LEARNING CURVE
Mon 20:30 - 21:00
Sun 23:00 - 23:30 (rpt)
 
The definitive guide to learning
Monday 30 October 2006
Listen to this programme in full
Libby Purves presents this week's edition of the Learning Curve.
FAILING SCHOOLS
With a recent report by MPs that many children are in failing schools, we revisit New College in Leicester – to discover how the principal, David Kershaw, has managed to skilfully stabilise what was once referred to as ‘one of the worst schools in England’.
New College in Leicester, a school we featured on the programme last March, was created seven years ago from the amalgamation of three schools, two of which were already in special measures and the third had serious weaknesses. It had seen eight heads in seven years, truancy was at record levels and some pupils were leaving with no GCSEs at all. At the time of our programme, New College had been in special measures for over two years. But the school has now been praised by inspectors for "a truly remarkable change".
David Kershaw speaks to Libby Purves about the challenges he faced.

HOWARD GARDNER
Libby Purves
is joined by Howard Gardner, a psychologist and Professor of Cognition and Education at Harvard. He is best known for his theory of multiple intelligences and he has been named as one of the 100 most influential public intellectuals in the world.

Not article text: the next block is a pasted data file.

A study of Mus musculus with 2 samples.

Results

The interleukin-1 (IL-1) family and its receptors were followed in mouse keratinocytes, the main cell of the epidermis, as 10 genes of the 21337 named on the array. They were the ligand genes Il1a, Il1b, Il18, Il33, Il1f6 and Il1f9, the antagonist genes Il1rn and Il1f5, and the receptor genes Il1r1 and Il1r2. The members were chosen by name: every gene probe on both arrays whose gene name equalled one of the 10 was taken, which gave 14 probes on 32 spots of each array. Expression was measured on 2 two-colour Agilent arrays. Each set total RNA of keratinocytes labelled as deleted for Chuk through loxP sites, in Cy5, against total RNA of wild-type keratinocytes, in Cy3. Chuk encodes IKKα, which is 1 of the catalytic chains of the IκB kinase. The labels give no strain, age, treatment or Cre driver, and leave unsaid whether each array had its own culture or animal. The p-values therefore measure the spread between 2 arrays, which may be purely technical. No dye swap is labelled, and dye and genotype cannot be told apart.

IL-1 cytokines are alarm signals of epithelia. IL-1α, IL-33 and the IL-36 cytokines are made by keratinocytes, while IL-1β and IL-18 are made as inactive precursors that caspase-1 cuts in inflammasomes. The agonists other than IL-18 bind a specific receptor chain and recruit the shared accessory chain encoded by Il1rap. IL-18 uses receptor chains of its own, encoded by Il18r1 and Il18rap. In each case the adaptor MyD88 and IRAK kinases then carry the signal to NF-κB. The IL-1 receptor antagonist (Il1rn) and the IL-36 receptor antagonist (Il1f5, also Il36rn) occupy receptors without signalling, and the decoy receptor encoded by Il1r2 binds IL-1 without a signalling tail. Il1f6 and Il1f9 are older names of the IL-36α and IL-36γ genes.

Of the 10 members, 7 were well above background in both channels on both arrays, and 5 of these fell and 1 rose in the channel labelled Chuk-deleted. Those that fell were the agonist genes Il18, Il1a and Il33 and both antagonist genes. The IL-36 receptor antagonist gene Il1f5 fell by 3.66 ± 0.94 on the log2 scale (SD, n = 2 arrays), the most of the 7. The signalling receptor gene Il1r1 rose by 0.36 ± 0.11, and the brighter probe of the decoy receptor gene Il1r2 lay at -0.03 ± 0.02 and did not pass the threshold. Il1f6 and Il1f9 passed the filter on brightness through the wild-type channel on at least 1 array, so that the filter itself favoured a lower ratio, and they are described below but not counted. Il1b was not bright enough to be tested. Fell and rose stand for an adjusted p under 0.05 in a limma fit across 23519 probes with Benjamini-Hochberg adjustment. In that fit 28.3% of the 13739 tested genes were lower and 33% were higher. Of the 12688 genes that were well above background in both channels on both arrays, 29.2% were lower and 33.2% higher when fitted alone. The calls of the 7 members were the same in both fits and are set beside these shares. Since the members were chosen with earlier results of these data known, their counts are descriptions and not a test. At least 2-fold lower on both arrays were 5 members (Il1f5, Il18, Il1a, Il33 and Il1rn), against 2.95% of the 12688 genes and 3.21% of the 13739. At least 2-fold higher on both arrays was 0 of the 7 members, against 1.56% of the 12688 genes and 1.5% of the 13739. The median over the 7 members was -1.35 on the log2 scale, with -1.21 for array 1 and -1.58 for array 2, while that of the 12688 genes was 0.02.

He recently spoke in one of a series of lectures run by the Royal Society of Arts with the Edge Foundation on vocational and practical learning from international perspectives. His lecture was based on his book, Five Minds of the Future, which will be out in Spring 2007, in which he looks at the ‘kinds of minds’ that we should be cultivating.

ZAMBIAN BOOK DUMPING
A good education often starts with encouraging good childhood reading habits. But in many countries in the developing world a love of reading is difficult to inspire, because libraries and schools are forced to rely heavily on donated foreign books, which are often unsuitable for their students. Bookaid International is working closely with the Zambia Library Service, donating more appropriate books, and funding them to purchase children’s books by indigenous writers, who are now starting to produce colourful, relevant children’s stories. The Library service organises outreach visits, taking writers out into the remote villages and poorer city compounds to read to the children. Our reporter, Caroline Swinburne, went on a trip to Lusaka’s Chiwama compound.

KAZAKHSTAN & PROFESSOR STEFAAN SIMONS
Libby Purves
speaks to Professor Stefaan Simons. He had just joined University College London’s Department of Chemical Engineering as a junior lecturer 11 years ago, when he found himself offered a work trip to Kazakhstan. He’s kept up contact ever since, and has been pioneering academic interaction with Kazakhstan.